NexGen Cloud: Partner Panel Calls SD-WAN Big Opportunity For Customers Of All Sizes

Software-defined wide area networks have become a profitable cloud-based opportunity for the channel, according to a panel of solution providers.

The solution providers, who spoke to an audience of their peers and their vendor partners on Wednesday at the NexGen Cloud Conference and Expo, said software-defined wide area networking, or SD-WAN, comes in a variety of solutions suitable for customers ranging from small businesses to enterprises.

Panel moderator Khali Henderson, senior partner of Buzz Theory Strategies and a member of the board of directors of the Technology Channel Association, said the WAN value chain is evolving away from traditional routers and switches and towards service providers bringing networking to clients.

[Related: Solution Provider Panel: Hyper-Converged Infrastructure Doesn't Mean Throwing Out Existing IT Investments]


At the same time, the SD-WAN market is growing, with SD-WAN optimization set to grow to $1.3 billion by 2020, and the total SD-WAN market set to grow to about $6 billion, Henderson said, citing studies from analyst firm HIS.

"What does it mean to you?" she said. "You are getting more opportunities to bring SD-WAN to our clients."

Eric Beller, senior vice president of sales at Sandler Partners, a Hermosa Beach, Calif.-based cloud services provider, said that while "SD-WAN" is a relatively new term, the concept has been around for years, although earlier implementations were much more complicated than they are now.

SD-WAN in its most basic form is really about how to simplify the approach to customer networking infrastructures, with an on-premises controller that accelerates network traffic, Beller said. A good SD-WAN solution will support VPNs, provide a portal to handle management of the WAN, support dynamic pathing based on customers' particular environments, and support a variety of connectivity and internet environments, he said.

"In a nutshell, it's really the simplification of how to accelerate the wide area network," he said.

Frank Cittadino, co-founder and executive vice president at QoS Consulting, an El Segundo, Calif.-based networking and cloud solution provider, said SD-WAN brings companies best-of-breed networking technologies in a seamless fashion with user control to allow customers focus less on the wide area network and more on the value they bring to their businesses.

A good SD-WAN solution, whether it is an on-premises solution or has an orchestration layer on top, automatically decides how to accelerate network traffic based on business demand, Cittadino said.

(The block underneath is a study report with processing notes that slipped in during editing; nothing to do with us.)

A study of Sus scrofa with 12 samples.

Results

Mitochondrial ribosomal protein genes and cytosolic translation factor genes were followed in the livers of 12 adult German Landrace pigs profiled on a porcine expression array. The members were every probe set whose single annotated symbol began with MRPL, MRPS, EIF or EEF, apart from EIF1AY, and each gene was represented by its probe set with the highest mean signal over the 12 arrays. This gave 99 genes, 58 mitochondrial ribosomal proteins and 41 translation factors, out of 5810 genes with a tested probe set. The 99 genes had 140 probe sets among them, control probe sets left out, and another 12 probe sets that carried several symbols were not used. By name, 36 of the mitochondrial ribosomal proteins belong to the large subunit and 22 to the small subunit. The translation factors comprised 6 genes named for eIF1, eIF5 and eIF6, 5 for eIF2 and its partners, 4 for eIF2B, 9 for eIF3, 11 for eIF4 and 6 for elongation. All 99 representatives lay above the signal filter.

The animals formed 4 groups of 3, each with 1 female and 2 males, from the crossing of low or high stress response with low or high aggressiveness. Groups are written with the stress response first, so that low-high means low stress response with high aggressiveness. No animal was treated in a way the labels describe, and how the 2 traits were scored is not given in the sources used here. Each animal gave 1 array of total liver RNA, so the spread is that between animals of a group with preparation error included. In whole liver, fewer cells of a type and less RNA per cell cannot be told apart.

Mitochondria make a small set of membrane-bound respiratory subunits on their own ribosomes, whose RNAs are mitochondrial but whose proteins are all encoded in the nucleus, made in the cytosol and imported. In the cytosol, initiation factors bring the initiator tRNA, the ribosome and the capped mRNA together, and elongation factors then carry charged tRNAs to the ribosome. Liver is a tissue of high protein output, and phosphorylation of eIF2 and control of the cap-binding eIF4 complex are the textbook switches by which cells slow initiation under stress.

In the end, it's all about the application, he said. "If the applications perform well and stay up, they bring value to the business," he said.

SD-WAN provides businesses with a giant Ethernet connection to everywhere, said William Craig, chief technology officer and principal solutions architect at NuResolution Consulting, a Gallatin, Tenn.-based provider of cloud, hosting, and networking services.

Businesses have multiple locations and remote users to support even as they look for better ways to get improved value from their data centers, Craig said. "SD-WAN allows you to get value from anywhere," he said.

SD-WAN provides portal-based management, network redundancy, and the ability to use a support desk instead of sending people to manage issues, Craig said.

"You've got 30 locations," he said. "I guarantee you won't have the resources from the carriers to support all that."

SD-WAN is a very disruptive technology, with at least 17 different providers and six or more hardware infrastructure, Beller said.

Some solutions can be supplemented by, or fixed by, a liberal application of bandwidth for customers willing to spend "an arm and a leg" for it, he said. "In the end, you have to be a business consultant to understand your customers' needs," he said.

Customers are ready for SD-WAN solutions when they are tired of buying expensive equipment and are looking to hire more support people, Cittadino said. He said his company typically works with two or three carriers to offer a variety of choices.

When looking for the right SD-WAN provider, the size of the customer implementation is a key issue, Craig said. Some vendors only offer one or two pieces of the functionality of a full SD-WAN implementation, including WAN and application performance, but for many smaller clients that may be enough, he said.